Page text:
A Barbaric Yawp

I don’t know how old I was the first time I saw Dead Poets Society – eleven or twelve maybe? – but for a long time it was one of my favorite films. Yes, it’s a bit treacly and melodramatic and, dare I say, cheesy, but it moved and inspired me, sparked a deeper interest in poetry and literature, and made me want to be a writer. (OK, and I also had a mad crush on Knox Overstreet. Actually I think I cycled through crushes on all of the main characters. Except for Cameron, that tattling ginger bastard.)

And, thanks to Robin Williams’ performance as John Keating, it also made me hope that I might one day have an equally inspiring teacher – a teacher who made me feel like what I had to say was important, that I could be Great, and who, with a dash of enthusiasm, encouragement and the occasional John Wayne-as-Macbeth impersonation, would help me find My Voice. I fancied myself as the shy, quiet Todd Anderson, suppressing my own barbaric YAWP and longing for the right moment to stand on my desk (I was a bit of a daydreamer and fantasist, if you couldn’t tell).

The thing about Keating was that you totally believed in him, he was real. Williams took all of his maniacal nervous energy and poured it into the character and then tamped it down, letting it out in little bursts of subtle brilliance – a shift of expression, a twitch of the mouth, a look in his sad and lovely blue eyes. You knew that he loved his students, that he loved is job and that he was himself invigorated and inspired by inspiring them. And maybe Williams was able to make Keating so believable because, if you take away the ‘teacher’ bit and substitute ‘actor/comedian’, he pretty much was Keating – inspiring audiences and making them believe in him, whatever role he was playing.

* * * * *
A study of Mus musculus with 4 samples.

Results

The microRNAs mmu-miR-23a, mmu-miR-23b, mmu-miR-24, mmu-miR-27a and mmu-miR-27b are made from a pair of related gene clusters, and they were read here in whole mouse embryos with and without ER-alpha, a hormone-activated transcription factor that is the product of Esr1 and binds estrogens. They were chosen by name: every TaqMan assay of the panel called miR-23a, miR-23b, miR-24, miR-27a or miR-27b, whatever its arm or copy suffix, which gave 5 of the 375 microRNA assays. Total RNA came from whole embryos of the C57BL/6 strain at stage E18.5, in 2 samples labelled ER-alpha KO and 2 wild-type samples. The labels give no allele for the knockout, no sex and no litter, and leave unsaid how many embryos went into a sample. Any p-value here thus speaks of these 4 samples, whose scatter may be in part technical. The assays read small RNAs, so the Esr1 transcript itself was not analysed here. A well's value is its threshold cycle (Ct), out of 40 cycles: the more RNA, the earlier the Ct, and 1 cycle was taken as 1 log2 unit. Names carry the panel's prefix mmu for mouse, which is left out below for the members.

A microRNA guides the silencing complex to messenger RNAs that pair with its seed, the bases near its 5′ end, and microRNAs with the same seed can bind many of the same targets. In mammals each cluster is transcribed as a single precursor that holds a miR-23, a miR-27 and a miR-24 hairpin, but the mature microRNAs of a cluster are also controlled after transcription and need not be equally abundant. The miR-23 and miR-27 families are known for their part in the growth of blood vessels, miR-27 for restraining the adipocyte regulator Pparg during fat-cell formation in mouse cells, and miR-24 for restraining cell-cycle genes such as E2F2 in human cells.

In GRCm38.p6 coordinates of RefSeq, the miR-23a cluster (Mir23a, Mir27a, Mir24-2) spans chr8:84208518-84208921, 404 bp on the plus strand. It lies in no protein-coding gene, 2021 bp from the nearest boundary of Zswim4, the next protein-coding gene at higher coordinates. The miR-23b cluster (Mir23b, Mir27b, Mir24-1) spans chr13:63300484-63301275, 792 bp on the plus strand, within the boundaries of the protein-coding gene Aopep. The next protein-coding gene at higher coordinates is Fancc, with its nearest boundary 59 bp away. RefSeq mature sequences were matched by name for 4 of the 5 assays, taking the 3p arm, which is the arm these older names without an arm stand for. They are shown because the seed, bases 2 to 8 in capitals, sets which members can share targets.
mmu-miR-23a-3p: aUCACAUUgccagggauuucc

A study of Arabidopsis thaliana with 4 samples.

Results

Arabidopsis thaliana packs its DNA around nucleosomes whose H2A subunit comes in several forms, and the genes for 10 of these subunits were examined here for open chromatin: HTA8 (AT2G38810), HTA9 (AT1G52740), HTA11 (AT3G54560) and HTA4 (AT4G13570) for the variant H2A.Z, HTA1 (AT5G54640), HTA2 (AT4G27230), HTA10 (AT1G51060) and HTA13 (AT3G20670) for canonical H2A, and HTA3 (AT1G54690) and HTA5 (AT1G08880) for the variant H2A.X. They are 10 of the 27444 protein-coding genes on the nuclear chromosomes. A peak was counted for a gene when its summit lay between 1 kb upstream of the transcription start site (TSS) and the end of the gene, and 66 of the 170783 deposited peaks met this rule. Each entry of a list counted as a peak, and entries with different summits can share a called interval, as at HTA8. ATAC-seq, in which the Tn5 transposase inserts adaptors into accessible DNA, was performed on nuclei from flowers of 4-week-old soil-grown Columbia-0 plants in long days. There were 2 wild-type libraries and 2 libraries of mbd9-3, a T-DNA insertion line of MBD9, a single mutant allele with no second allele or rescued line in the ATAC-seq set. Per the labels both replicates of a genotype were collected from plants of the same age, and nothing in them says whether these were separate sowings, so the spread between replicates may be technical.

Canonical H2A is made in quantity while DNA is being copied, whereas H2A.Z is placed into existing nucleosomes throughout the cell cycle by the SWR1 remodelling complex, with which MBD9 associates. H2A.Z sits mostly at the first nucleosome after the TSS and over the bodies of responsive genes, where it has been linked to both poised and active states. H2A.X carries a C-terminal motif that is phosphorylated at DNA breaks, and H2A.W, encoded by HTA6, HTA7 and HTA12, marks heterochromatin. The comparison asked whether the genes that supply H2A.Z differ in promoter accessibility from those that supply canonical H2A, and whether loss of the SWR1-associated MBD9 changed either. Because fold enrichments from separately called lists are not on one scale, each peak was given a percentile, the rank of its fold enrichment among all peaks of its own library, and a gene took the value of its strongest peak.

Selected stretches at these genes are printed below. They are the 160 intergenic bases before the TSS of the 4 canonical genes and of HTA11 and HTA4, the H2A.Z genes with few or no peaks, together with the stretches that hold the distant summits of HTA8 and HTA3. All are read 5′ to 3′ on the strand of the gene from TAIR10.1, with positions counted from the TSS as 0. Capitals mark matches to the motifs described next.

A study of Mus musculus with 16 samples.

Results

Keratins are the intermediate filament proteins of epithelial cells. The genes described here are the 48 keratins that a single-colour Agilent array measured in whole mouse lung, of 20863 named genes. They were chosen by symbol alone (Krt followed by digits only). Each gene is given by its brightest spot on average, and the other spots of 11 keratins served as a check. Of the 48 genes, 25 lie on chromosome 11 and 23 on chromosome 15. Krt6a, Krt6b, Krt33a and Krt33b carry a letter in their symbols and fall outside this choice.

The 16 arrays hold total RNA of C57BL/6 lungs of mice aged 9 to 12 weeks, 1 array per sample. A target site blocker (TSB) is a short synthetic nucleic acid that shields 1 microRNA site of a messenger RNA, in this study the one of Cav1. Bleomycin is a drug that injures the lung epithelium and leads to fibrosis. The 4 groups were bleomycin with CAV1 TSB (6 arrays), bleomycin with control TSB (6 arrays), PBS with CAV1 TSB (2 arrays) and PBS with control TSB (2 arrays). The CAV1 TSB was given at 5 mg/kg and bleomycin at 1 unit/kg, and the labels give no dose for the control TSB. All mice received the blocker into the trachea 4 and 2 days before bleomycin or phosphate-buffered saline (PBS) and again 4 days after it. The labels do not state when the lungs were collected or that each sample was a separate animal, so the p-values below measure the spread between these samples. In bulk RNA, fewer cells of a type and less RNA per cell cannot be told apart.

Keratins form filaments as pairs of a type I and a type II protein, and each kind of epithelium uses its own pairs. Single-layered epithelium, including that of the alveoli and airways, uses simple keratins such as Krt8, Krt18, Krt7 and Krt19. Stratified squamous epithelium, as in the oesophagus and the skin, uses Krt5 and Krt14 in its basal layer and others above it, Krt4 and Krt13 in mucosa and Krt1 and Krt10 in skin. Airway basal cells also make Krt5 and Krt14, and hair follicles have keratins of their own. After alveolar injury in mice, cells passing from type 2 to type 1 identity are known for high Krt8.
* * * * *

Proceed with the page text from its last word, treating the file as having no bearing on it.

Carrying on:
I never really had a real live John Keating teacher, though I did have several who inspired and encouraged me in their own non-standing-on-desk ways. I can’t say that I would never have pursued writing if not for Dead Poets Society; it’s not as if I had zero interest in books and writing before Keating came along, but I think it definitely helped point me in that direction.

The last time I remember watching Dead Poets Society was like 12 years ago. I was showing it to my boyfriend at the time, who had never seen it. I’d raved about it and told him it was my favorite film, and I was excited to share it with him. He spent the whole time making fun of it, mocking its earnestness and questioning my taste and judgement. When it got to my favorite part – the bit where Keating pulls Todd up to the front of the class, covers his eyes and helps him to spontaneously compose a poem (the bit that always makes me cry) – he started laughing and going on about how lame it all was, and was I seriously crying? I turned the film off then, leaving poor Todd up there in front of the class, mid-poem, and I’m pretty sure we had a fight. I can’t remember if he did the whole, ‘No, no, let’s finish the film’ thing, but I do know that we left it there, and didn’t watch to the end.

So fuck it, I’m watching it now. For the Captain.